Those who wish to try this in Chuubo's Marvelous Wish-Granting Engine would be advised to invest in either Fist-Shake or (Overacted) Speechlessness XP. In the canon characters, the clearest example would be the Idol, Soun Shounen, who once punched out an ambassador because he thought the party was for him.
The Beholder race from Dungeons & Dragons, combined with a heaping helping of Fantastic Racism. A typical Beholder's world view: It is the pinnacle of creation and the perfect reflection of the Great Mother that spawned their race. Other Beholders of the same breed are tolerable inferiors who have their uses. Beholders of other breeds are disgusting abominations against nature that must be destroyed on sight. Anything that's not a Beholder is barely worth considering — either flies to be swatted when they become a nuisance, or potential slaves. For added fun, although the difference between Beholder breeds is sometimes quite large, other times it can be things so minuscule that nothing that's not a Beholder would even notice. The Beholder with slightly bumpier skin or a different number of teeth is as much a hated inferior as the one who has flame-based powers instead of the standard Beholder suite or has a differing number of eyestalks.
In fact, at least one splat claims that every single Beholder is technically its own breed, and siblings will soon attempt to kill each other over, say, a particular spot or mole.
And the Great Mother? Whose true appearance could solve this issue with a single glance? Any Beholder who sees the Great Mother sees a perfect copy of themselves. It doesn't help that she's completely insane, and is trying to displace all other forms of life with mirrors of herself.
Malfeas in Exalted is a particularly impressive example. The Demon City has to suffer a psychic fracture to comprehend that other people might exist independent of His goals and desires.
Only in the grip of true madness can Malfeas consider the terrible possibility that the universe might contain more perspectives than his own.
His fetich soul (a sort of living Soul Jar) Ligier is very similar: his Motivation boils down to "share my glory with all of existence," while his Intimacies (the things he cares about, whether positive or negative) are all related to the things he's created as an Ultimate Blacksmith. In other words, as a matter of game mechanics, he literally does not particularly care one way or another about anything that is not directly related to himself.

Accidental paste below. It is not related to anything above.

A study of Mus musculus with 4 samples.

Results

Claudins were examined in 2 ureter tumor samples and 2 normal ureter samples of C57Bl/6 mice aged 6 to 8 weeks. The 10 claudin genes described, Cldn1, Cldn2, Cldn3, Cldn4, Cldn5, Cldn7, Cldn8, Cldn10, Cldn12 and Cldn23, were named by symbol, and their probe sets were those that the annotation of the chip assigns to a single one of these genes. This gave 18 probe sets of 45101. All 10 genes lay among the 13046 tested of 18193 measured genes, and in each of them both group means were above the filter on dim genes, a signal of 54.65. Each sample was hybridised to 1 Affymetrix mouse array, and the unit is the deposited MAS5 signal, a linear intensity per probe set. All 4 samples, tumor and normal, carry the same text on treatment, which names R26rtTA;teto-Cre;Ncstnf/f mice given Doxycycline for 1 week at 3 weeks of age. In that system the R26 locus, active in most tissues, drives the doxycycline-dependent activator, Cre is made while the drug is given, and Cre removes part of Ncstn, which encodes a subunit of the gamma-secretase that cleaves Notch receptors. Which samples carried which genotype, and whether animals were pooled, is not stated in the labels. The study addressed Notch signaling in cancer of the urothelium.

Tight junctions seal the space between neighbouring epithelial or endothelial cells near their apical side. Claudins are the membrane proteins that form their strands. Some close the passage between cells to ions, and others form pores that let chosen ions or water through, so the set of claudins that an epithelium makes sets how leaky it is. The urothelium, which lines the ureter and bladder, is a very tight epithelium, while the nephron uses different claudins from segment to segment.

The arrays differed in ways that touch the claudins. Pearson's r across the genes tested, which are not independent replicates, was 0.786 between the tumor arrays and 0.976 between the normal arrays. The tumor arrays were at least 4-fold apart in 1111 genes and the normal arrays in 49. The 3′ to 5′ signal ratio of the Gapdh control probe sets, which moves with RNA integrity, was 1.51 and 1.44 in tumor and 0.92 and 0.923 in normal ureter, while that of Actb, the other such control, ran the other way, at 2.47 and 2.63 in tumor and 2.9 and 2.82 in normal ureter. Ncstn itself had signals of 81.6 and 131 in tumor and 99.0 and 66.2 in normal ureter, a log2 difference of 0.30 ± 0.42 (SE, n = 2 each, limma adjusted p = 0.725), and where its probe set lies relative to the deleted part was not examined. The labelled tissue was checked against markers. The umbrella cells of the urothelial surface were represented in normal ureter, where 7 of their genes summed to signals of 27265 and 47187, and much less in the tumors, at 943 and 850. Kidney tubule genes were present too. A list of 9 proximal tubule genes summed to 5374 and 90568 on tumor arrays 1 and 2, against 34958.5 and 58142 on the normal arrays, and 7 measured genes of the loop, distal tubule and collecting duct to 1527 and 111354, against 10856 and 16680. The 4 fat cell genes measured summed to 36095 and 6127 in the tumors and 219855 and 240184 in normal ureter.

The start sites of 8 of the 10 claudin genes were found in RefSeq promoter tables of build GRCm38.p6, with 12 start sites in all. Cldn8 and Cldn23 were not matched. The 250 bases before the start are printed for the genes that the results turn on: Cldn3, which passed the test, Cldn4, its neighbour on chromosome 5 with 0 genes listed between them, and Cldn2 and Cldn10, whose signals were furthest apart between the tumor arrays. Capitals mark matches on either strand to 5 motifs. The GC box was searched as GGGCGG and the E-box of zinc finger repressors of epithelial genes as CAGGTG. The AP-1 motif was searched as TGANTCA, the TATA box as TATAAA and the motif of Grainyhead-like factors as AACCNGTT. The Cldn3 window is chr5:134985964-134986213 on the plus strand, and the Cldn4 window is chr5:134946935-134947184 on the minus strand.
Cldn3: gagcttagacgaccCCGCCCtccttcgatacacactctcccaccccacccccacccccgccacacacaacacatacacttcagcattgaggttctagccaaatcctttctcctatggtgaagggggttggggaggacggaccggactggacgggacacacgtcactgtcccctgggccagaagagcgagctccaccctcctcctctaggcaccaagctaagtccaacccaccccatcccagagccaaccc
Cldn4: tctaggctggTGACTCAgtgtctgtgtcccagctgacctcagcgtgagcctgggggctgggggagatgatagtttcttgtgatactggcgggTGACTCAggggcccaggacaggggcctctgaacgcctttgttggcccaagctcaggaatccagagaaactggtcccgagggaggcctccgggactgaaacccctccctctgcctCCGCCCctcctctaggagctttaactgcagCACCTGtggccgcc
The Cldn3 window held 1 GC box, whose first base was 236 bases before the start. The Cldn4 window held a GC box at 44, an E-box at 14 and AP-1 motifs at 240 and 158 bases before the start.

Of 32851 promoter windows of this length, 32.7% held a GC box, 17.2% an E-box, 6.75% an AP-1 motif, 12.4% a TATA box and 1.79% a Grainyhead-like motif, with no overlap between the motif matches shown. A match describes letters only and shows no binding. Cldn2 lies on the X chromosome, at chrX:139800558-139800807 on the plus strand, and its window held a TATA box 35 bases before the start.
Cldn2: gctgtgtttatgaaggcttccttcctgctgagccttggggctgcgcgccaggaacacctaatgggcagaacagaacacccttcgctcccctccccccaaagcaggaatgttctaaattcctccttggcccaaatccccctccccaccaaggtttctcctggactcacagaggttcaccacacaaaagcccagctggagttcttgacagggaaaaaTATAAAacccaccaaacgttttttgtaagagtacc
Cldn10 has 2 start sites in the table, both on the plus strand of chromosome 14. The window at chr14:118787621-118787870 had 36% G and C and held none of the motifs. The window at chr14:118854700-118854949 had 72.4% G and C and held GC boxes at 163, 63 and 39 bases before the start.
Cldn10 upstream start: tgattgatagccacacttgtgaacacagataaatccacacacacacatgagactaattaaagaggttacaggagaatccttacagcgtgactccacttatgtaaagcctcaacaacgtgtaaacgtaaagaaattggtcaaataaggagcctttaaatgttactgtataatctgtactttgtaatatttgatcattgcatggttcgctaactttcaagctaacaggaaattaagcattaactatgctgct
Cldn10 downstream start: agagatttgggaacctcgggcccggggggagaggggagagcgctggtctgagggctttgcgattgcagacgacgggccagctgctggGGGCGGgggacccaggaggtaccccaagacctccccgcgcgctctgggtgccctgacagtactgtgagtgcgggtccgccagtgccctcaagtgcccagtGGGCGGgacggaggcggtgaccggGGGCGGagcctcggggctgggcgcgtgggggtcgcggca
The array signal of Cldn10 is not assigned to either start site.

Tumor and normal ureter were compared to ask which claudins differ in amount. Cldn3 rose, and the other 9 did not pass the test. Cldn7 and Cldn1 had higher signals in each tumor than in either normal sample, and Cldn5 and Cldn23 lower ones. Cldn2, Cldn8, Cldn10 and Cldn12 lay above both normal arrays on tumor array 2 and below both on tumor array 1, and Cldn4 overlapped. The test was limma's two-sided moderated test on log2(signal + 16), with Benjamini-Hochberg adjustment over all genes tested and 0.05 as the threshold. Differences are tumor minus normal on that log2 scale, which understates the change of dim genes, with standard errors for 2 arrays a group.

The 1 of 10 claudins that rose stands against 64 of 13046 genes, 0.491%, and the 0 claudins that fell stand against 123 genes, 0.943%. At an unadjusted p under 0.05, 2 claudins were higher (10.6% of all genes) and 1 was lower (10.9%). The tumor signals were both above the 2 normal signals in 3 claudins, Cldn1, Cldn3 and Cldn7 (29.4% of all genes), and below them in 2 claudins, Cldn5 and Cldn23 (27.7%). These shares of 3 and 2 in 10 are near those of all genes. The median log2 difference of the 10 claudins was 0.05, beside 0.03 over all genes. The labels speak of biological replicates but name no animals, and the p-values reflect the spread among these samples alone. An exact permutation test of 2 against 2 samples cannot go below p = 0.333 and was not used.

The Dark Eldar Archon Vhane Kyharc is noted to be a narcissist even by their standards, starting by first making the elite of his Kabal get their faces surgically altered to look like his (Dark Eldar society being what it is, it's a good precaution against assassination), then the rest of it (the Half-born, grown in vats to keep a strong population, instead wear masks of his face). The crowning moment would be infecting a planet with a virus that gave every living thing his face.
In the backstory, a lot of the Primarchs have this problem, especially the ones who end up falling to Chaos. There's just something about being fifteen feet tall, the son of what is functionally a god, the leader of an army of bio-enhanced supermen, and praised across the galaxy that leads to swollen egos.
Over in Warhammer, we have Malekith, the Witch King. In the Time of Legends books dealing with the Sundering, when he moves into full-on obsession mode over the Phoenix Throne, he will do literally anything to get what he believes is his due - barter with cults, assassinate the elected Phoenix King, wage a war that pushes Ulthuan to the edge of destruction, unravel the magical vortex keeping the daemons at bay, it doesn't matter, as long as he gets to sit on the throne at the end of it (or, if he doesn't get the throne, nobody else can either). Even when he does realise he's been definitively rejected from consideration, it's an Ignored Epiphany and it takes him a matter of hours to get back into full give-me-the-throne-or-die mode.
In Changeling: The Lost, the True Fae basically make themselves exist through narratives, so they're constitutionally incapable of seeing the world as anything but a story with themselves as the main character. If a Fae's mind strays too close to the notion that other people might actually be people, it goes a bit insane and loses its powers until the thought dissipates.